U.S. Energy News

Federal agency to approve largest U.S. solar project

• Federal officials plan to approve a 690 MW solar project near Las Vegas, which would be the largest in the U.S. (Los Angeles Times)
The first phase of what will be the largest solar project in Texas begins operations. (Solar Power World)

OVERSIGHT: The Trump administration’s effort to weaken three key environmental regulations — including on vehicle tailpipe emissions — are at odds with established science, according to a panel of government-appointed scientists. (New York Times)


OIL & GAS:
• Major oil companies have announced emission-reduction commitments even as they continue to invest in projects that will boost fossil fuel production. (InsideClimate News)
Louisiana still hasn’t fully investigated 540 oil spills since Hurricane Katrina, likely leaving millions of dollars in uncollected fines needed to help restore the coast. (ProPublica, The Times-Picayune and The Advocate)
• U.S. shale producers are exercising restraint as years of rapid growth slows down in 2020. (Reuters)
• The natural gas boom in parts of northern Appalachia is giving way to a bust as out-of-state energy companies shutter offices. (Observer-Reporter) 

POLITICS:
• At a campaign rally in New Hampshire, presidential candidate Joe Biden says coal miners should “learn how to program,” referring to job training amid the industry’s decline. (The Hill)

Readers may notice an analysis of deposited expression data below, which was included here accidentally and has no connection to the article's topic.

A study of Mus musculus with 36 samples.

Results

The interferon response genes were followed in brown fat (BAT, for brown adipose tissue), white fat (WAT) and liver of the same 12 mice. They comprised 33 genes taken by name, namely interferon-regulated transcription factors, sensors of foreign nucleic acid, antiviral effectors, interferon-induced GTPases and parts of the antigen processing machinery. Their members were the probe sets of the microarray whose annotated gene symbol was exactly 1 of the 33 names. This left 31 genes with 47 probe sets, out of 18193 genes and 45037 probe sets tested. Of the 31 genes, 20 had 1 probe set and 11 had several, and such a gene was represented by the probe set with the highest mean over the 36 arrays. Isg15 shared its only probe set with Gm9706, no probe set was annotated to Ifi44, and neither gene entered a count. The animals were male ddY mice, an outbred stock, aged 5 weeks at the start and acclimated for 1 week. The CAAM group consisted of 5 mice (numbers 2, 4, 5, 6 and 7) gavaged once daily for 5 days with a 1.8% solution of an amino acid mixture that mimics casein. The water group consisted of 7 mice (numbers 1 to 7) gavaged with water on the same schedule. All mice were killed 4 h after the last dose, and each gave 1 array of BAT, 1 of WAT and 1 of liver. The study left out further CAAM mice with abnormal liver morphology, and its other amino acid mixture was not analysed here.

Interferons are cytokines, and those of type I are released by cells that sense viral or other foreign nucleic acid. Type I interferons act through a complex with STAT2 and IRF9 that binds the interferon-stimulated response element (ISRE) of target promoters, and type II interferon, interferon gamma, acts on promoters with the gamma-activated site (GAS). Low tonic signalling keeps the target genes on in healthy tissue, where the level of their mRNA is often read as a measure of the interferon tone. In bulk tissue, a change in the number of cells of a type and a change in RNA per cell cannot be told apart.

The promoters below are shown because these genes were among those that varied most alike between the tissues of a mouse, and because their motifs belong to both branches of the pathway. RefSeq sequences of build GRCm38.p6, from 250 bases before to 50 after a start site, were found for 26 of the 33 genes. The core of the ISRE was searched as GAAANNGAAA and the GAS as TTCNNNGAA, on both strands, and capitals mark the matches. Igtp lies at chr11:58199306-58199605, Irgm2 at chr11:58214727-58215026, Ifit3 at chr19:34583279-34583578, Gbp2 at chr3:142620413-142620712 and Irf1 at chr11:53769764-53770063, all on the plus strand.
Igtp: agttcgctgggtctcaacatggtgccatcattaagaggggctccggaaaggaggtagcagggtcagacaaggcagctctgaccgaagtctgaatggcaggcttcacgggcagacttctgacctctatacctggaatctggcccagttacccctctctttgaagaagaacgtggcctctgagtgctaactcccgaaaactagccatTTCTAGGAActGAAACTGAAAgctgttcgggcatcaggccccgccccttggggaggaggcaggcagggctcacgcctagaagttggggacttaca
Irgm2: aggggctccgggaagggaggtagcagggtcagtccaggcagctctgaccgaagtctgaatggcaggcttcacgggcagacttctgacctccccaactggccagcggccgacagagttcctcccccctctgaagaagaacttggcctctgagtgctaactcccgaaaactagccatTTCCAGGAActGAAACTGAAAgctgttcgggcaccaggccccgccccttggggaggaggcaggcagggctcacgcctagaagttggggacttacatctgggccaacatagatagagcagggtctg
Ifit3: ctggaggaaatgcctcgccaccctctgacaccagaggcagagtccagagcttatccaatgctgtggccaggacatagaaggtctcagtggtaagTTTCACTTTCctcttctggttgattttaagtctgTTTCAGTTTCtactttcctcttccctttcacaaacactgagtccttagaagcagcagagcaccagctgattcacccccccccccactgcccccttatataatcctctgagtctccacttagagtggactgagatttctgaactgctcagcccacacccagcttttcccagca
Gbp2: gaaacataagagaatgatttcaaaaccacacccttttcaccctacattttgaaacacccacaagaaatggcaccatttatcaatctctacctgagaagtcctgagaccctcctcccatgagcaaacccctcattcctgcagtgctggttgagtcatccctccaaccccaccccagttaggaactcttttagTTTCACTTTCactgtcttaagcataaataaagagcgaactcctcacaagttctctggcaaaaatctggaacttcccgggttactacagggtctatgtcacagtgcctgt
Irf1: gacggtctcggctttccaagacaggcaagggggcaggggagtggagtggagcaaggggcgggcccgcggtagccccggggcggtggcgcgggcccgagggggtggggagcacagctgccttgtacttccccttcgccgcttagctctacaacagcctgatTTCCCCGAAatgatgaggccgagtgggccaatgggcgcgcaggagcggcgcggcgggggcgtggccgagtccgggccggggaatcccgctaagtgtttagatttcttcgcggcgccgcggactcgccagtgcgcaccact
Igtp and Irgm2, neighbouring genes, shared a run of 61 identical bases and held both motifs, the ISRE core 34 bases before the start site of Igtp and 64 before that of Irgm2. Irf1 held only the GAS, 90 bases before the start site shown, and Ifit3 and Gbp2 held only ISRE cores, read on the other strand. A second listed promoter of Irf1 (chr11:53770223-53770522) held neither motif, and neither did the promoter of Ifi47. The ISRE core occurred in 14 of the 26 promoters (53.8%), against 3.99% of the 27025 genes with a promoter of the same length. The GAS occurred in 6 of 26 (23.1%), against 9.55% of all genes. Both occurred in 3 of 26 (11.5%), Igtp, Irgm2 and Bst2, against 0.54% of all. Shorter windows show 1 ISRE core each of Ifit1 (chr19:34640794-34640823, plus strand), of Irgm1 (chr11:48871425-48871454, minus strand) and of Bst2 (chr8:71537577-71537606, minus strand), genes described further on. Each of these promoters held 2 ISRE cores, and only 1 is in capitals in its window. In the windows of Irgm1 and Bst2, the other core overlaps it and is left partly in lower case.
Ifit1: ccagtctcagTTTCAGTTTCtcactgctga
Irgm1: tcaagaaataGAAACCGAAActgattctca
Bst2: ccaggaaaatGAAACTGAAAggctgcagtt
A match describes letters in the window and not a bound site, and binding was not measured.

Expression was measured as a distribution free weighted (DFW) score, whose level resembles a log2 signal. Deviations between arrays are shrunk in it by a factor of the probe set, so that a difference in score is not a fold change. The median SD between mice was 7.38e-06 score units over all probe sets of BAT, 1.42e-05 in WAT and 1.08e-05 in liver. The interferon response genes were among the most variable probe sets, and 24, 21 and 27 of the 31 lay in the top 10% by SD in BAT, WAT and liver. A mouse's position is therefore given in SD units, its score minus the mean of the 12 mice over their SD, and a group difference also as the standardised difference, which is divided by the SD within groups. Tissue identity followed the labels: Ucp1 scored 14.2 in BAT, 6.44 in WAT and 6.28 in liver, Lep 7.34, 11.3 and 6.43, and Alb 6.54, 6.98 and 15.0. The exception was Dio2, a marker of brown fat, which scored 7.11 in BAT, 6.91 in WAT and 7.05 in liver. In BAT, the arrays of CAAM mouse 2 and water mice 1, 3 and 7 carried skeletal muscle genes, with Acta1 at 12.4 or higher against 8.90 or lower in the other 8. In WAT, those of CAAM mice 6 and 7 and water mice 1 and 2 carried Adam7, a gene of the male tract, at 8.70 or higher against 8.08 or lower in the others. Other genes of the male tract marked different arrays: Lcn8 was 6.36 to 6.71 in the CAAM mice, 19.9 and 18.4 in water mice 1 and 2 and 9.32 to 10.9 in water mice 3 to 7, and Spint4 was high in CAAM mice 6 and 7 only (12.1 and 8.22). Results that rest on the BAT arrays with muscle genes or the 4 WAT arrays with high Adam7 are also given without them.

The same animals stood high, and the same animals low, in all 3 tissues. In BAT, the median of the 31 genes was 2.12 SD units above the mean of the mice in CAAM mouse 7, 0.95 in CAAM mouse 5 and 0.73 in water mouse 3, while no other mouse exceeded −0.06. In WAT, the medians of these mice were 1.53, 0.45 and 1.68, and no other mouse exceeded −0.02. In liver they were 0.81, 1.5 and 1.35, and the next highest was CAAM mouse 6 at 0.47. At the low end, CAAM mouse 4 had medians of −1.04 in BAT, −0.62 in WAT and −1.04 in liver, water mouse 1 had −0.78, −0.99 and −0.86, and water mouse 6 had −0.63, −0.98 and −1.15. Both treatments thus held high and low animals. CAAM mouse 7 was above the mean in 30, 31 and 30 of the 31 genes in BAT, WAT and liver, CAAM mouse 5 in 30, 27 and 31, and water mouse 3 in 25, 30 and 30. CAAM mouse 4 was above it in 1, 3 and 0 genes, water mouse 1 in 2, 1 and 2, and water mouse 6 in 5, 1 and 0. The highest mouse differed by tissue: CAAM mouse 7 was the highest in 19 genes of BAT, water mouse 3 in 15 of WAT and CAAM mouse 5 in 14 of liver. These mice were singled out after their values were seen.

• Nearly all Democratic presidential candidates support a ban on oil and gas drilling on public lands, sparking industry concern. (E&E News, subscription)

PIPELINES:
Attempts to double the capacity of the Dakota Access pipeline are rekindling opposition from tribal and environmental groups and raising questions among some state regulators. (Chicago Tribune)
• Tribal law experts say consultations required from the federal government on pipeline projects are routinely inadequate and inconsistent. (Grist)
• A federal judge will allow environmental and tribal groups to proceed with lawsuits challenging the Trump administration’s approval of the Keystone XL pipeline. (Associated Press)

NUCLEAR: Pro-nuclear power groups argue that the industry doesn’t really have a waste problem, but the claims overlook waste that precedes electricity generation. (High Country News)

COAL:
• Three U.S. senators in call for an investigation of a federal tax credit for refined coal. (Reuters)
Arizona’s Navajo Generating Station and Kenyatta Mine face several years of decommissioning and cleanup as well as the possibility of decades of environmental monitoring. (Cronkite News)
Jobs and CO2 emissions are declining for the Navajo Nation after the closure of the Navajo Generating Station in November. (E&E News, subscription)

CLEAN TECH: Utilities are increasingly trying to figure out how blockchain software can help secure their operations as more customer-owned generation comes on the grid. (Energy News Network)

ELECTRIC VEHICLES:
• Massachusetts restarts its electric vehicle rebate program using discretionary funds after it ran out of money three months ago. (MassLIVE)
• Regions of Ohio faced with automotive plant closures look to reposition as hubs for electric vehicle development. (Associated Press)


COMMENTARY:
Energy News Network reporter Kari Lydersen says a recent trip to Antarctica drove home the “horror and tragedy of what humans have done to the earth with climate change.”
• A recent order involving grid operator PJM’s market shows federal regulators are now “actively working to counteract the effects of state-level clean energy policy,” writes Vox’s David Roberts.